New FDA memo allows modifications to influenza and RSV testing as way to conserve testing supplies during public health emergency
Due to the increased strain on testing supplies created by the COVID-19 pandemic, the US Food and Drug Administration (FDA) has released enforcement modifications for influenza and respiratory syncytial viruses (RSV) testing to allow greater conservation of testing supplies.
The following is stated in a recent FDA memo: “For the duration of the public health emergency, FDA does not intend to object to the following modifications to certain FDA-cleared molecular influenza and RSV tests without prior submission of a 510(k) premarket notification that do not create an undue risk in light of the public health emergency.”
As part of this announcement, the FDA provides two examples of modification that will be permitted:
- “Modifications are made to the FDA-cleared indications, labeling, or materials of an FDA- cleared molecular influenza and RSV test in order to add sterile phosphate buffered saline (PBS) (including molecular grade PBS and other similar formulations such as Dulbecco’s PBS), and sterile normal saline as additional transport media types when the device was previously indicated for VTM.”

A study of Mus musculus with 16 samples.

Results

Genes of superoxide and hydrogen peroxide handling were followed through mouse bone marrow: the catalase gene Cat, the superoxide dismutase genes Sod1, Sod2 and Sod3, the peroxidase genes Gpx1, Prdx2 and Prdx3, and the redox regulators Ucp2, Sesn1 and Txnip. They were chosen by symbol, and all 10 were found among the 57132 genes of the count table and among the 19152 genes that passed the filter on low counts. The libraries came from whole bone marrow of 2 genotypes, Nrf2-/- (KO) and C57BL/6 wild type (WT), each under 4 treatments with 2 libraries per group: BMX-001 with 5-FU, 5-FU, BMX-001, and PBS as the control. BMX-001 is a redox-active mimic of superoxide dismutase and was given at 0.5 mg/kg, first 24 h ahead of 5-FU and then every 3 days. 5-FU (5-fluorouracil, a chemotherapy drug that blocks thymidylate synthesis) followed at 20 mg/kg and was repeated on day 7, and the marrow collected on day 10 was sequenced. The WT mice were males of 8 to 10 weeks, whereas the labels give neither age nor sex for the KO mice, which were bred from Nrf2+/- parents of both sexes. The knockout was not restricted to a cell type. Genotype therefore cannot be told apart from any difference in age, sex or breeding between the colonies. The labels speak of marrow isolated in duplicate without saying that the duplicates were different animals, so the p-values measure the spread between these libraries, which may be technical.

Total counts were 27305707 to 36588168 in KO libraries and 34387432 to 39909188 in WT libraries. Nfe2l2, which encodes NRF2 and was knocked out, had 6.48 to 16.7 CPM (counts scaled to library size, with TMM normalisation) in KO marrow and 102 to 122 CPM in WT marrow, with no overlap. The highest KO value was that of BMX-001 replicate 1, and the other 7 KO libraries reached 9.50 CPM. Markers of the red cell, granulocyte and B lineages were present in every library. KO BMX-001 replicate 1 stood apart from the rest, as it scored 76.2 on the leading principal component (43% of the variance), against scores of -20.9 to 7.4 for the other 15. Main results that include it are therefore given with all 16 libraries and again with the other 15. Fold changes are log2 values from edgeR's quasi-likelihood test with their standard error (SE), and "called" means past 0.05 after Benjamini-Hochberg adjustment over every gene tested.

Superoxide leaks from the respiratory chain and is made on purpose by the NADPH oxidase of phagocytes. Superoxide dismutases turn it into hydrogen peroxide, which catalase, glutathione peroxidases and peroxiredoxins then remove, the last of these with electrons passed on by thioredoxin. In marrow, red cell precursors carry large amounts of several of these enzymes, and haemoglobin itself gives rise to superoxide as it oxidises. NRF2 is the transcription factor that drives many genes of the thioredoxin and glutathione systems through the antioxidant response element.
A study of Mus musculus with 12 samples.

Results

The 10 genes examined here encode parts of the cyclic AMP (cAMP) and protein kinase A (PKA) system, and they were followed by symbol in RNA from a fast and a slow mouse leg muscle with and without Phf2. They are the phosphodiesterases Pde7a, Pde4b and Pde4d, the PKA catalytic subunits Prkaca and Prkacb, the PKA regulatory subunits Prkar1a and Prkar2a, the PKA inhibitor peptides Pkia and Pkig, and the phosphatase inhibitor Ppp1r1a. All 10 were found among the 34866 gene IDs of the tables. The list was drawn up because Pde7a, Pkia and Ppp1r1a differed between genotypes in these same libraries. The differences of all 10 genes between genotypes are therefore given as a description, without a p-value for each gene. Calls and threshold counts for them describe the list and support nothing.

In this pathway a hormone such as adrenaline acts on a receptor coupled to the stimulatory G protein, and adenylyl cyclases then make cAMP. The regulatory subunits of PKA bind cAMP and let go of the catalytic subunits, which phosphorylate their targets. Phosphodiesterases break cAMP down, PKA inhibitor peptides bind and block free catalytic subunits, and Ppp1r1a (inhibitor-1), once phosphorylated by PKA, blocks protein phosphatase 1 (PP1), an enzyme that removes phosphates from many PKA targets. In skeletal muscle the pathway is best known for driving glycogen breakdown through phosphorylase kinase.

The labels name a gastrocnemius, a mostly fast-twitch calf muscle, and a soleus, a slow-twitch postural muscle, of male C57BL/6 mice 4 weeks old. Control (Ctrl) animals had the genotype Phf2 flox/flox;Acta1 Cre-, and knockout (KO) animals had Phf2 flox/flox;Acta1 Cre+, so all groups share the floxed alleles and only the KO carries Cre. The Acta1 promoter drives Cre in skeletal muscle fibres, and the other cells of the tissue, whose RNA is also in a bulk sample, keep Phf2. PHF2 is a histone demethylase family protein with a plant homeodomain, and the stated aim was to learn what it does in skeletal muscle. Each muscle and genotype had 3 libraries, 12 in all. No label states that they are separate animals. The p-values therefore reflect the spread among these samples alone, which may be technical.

- “Modifications are made to the FDA-cleared indications, labeling, or materials, of an FDA- cleared molecular influenza and RSV test cleared for use with nasopharyngeal swabs only to add use with healthcare provider collected anterior nares specimens and/or mid-turbinate specimens.”
The FDA also provides examples of modifications deemed not acceptable, including:
- “Adding a sample type not identified above to an FDA-cleared molecular influenza and RSV test.”
- “Adding an indication for use with self-collected specimens to an FDA-cleared molecular influenza and RSV test.”
- “Adding a transport media not identified above to an FDA-cleared molecular influenza and RSV test.”
- “Adding an over-the-counter (OTC) use or new patient population (e.g., pediatrics) to the indication for an FDA-cleared molecular influenza and RSV test.”
Clinical laboratory leaders interested in implementing changes permitted by the FDA should review the memo here.